Son of the Great Depression Meets Smoot-Hawley, Jr. (Updated)
Whether the Smoot-Hawley Tariff Act actually brought about the Great Depression of the 1930’s or not I don’t think that anybody really disputes that the beggar thy neighbor policies undertaken by many countries including this one in response to the economic downturn aggravated the situation. You’d think we’d have learned. That’s why the protectionist measures in the stimulus plan making its way through the Congress are so upsetting:
WASHINGTON (AFP) — A new “Buy American” push in President Barack Obama’s economic stimulus plan is sparking protests about protectionism from US businesses and trading partners.
Obama has pushed for swift passage of the American Recovery and Reinvestment Act as vital to prevent the collapse of the fragile US economy as it reels from the global financial crisis.
The US House of Representatives passed an 819 billion dollar economic stimulus package Wednesday with a “Buy American” provision that generally prohibits the purchase of foreign iron and steel for any stimulus-funded infrastructure project.
The massive tax cuts and spending package has moved to the Senate, where lawmakers are working on their own version that extends the “Buy American” initiative beyond the House’s iron and steel mandates to include all US manufactured goods.
I recognize there are some who don’t see this as protectionism but as a plan to create jobs at home to get the ailing U.S. economy back on its feet. Po-tay-to; po-tah-to. If we have a problem with the subsidies that other countries are giving their iron and steel industries we should make our case to the WTO. We shouldn’t enact protectionist laws of our own.
Today’s economic downturn isn’t just taking place here. It’s worldwide, we continue to be a great trading nation propaganda to the contrary notwithstanding, and some of our trading partners are just itching to put protectionist measures of their own into place. Let’s not give them an excuse.
Well, then, how do we ensure that the big fiscal stimulus bill doesn’t mostly stimulate other economies? The short answer is we can’t. We can’t isolate ourselves from the rest of the world and trying to isolate our economy from that of the rest of the world is just beyond our ability. This isn’t the 1920’s.
What’s needed is a Bretton-Woods III rather than a Smoot-Hawley, Jr. Unfortunately, elites aren’t what they used to be.
Although the legality of the Buy American provision may be in question, that might not prevent a potentially dramatic series of countermeasures by America’s trading partners if it is passed and signed by President Obama. For that reason, analysts are seeing it as a major test for Obama, arguing it could signal that the United States may be changing course from a decades-long embrace of free trade because times are now too tough to maintain that path.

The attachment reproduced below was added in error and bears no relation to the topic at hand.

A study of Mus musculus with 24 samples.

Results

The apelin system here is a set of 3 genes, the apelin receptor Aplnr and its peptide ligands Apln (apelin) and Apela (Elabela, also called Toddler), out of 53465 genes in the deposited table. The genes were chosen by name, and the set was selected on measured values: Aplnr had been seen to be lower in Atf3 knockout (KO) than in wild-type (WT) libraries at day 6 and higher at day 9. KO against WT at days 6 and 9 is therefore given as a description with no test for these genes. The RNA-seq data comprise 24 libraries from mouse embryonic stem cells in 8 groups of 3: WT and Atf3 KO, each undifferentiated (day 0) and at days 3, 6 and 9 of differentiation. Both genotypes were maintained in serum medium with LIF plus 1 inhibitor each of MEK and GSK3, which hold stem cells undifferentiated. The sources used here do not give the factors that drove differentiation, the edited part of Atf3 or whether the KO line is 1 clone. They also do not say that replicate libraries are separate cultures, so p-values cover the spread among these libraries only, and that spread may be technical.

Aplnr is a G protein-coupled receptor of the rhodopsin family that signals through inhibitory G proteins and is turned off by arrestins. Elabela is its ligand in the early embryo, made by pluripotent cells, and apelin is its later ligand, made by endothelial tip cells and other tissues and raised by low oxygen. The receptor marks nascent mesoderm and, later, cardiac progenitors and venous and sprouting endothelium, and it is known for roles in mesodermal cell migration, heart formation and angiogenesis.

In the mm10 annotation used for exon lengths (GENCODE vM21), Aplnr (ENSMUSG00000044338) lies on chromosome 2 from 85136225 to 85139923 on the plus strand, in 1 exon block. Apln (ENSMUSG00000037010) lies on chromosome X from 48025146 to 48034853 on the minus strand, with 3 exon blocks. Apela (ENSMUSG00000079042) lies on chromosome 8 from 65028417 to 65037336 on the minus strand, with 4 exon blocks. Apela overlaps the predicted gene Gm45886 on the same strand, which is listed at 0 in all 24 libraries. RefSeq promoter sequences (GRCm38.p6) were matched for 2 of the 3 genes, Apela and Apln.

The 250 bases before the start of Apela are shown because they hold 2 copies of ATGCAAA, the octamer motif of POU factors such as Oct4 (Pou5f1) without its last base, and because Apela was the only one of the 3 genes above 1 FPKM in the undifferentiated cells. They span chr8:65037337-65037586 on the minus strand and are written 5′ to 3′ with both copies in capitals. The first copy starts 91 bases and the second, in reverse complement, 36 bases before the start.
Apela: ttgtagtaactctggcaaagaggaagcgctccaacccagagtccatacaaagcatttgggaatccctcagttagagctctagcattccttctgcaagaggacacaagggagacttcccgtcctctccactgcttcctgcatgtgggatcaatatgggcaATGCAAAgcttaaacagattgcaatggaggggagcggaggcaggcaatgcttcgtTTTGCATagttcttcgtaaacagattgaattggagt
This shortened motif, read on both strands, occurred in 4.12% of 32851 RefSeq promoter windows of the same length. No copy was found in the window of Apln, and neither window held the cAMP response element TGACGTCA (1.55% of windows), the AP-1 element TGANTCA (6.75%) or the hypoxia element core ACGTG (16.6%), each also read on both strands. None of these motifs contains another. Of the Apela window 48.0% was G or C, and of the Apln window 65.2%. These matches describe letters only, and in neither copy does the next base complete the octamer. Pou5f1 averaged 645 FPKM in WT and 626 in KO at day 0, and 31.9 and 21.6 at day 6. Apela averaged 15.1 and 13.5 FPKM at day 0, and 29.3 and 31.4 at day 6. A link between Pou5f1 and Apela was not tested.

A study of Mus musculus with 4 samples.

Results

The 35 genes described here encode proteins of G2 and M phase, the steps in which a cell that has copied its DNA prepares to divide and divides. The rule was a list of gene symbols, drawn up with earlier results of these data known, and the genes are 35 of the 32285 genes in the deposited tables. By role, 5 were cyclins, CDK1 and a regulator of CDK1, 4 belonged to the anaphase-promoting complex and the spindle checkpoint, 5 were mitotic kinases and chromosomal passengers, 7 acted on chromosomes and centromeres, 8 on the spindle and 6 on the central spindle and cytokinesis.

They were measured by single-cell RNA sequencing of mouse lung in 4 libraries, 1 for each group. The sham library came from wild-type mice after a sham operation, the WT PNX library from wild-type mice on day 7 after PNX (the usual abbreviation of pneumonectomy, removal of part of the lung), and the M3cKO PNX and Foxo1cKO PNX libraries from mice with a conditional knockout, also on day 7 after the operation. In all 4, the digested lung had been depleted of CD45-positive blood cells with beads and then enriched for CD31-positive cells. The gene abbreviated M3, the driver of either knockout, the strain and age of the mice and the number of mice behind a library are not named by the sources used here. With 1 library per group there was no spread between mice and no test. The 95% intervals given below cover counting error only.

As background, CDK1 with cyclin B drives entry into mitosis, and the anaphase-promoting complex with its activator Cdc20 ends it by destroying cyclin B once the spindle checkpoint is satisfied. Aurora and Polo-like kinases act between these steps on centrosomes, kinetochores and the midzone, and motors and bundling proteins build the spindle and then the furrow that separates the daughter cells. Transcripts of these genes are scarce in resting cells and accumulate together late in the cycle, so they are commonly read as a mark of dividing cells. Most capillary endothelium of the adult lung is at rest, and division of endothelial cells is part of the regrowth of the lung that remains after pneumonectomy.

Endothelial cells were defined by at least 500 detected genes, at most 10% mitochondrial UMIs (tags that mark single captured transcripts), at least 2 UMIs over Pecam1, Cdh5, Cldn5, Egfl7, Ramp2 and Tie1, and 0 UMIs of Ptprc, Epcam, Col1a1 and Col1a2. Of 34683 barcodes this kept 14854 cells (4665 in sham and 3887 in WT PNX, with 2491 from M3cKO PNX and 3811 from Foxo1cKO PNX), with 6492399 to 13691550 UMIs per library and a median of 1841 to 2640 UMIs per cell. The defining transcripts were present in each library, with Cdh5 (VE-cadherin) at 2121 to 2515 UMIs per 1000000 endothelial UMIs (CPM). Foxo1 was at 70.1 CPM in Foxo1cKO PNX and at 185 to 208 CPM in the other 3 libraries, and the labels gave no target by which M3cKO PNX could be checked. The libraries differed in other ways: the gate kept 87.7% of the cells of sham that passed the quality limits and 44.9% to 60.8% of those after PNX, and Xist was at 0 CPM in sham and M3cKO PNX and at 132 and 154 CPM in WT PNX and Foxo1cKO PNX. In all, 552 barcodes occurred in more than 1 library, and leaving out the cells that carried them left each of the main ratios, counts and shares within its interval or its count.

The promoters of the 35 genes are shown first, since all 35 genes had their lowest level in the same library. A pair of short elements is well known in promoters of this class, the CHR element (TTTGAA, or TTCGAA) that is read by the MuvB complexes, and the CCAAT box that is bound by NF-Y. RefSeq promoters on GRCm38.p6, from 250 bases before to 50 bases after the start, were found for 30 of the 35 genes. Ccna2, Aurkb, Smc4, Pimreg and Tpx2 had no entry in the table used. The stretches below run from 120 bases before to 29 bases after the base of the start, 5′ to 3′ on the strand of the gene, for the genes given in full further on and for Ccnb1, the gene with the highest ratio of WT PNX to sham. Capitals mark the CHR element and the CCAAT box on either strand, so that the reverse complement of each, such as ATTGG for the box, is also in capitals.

Once we get through the current economic mess, China, India and other countries are likely to continue their large investments in building projects. If such countries also adopt our preferences for domestic producers, then America will be at a competitive disadvantage in bidding for those contracts.
Remember the golden rule, or the consequences could be severe. When the United States imposed the Smoot-Hawley Tariff in 1930, it helped set off a worldwide movement toward higher tariffs. When everyone tried to restrict imports, the combined effect was a deeper global economic slump. It took decades to undo the accumulated trade restrictions of that period. Let’s not make the same mistake again.
The odious US House of Representatives has tagged a Buy American clause onto the Obama administration’s $819 bn (or more) fiscal stimulus bill. If this were to become law, US federal spending would, wherever possible, be restricted to goods and services produced by US companies. The main promotor of this act of global economic vandalism was the US steel industry, but other import-competing industries have lobbied also. It is quite likely that the Buy American net will be cast even more widely when the Senate gets its turn at the fiscal stimulus act.
There is little doubt that if the Buy American provisions of the Economic Stimulus Package were to become law, this would amount to an economic declaration of war on the rest of the world. The response of the assembled non-US finance ministers in Davos made this clear. Retaliation from the EU countries and the rest of the world would follow swiftly.
There’s lots more scathing invective.
Contrary to a suggestion in the comments concern about protectionist provisions in the stimulus bill is neither an ideological issue nor a partisan one. Here’s how Paul Krugman opened his column yesterday:
Should we be upset about the buy-American provisions in the stimulus bill? Is there an economic case for such provisions? The answer is yes and yes.
and on his blog he was careful to emphasize that he wasn’t endorsing protectionism.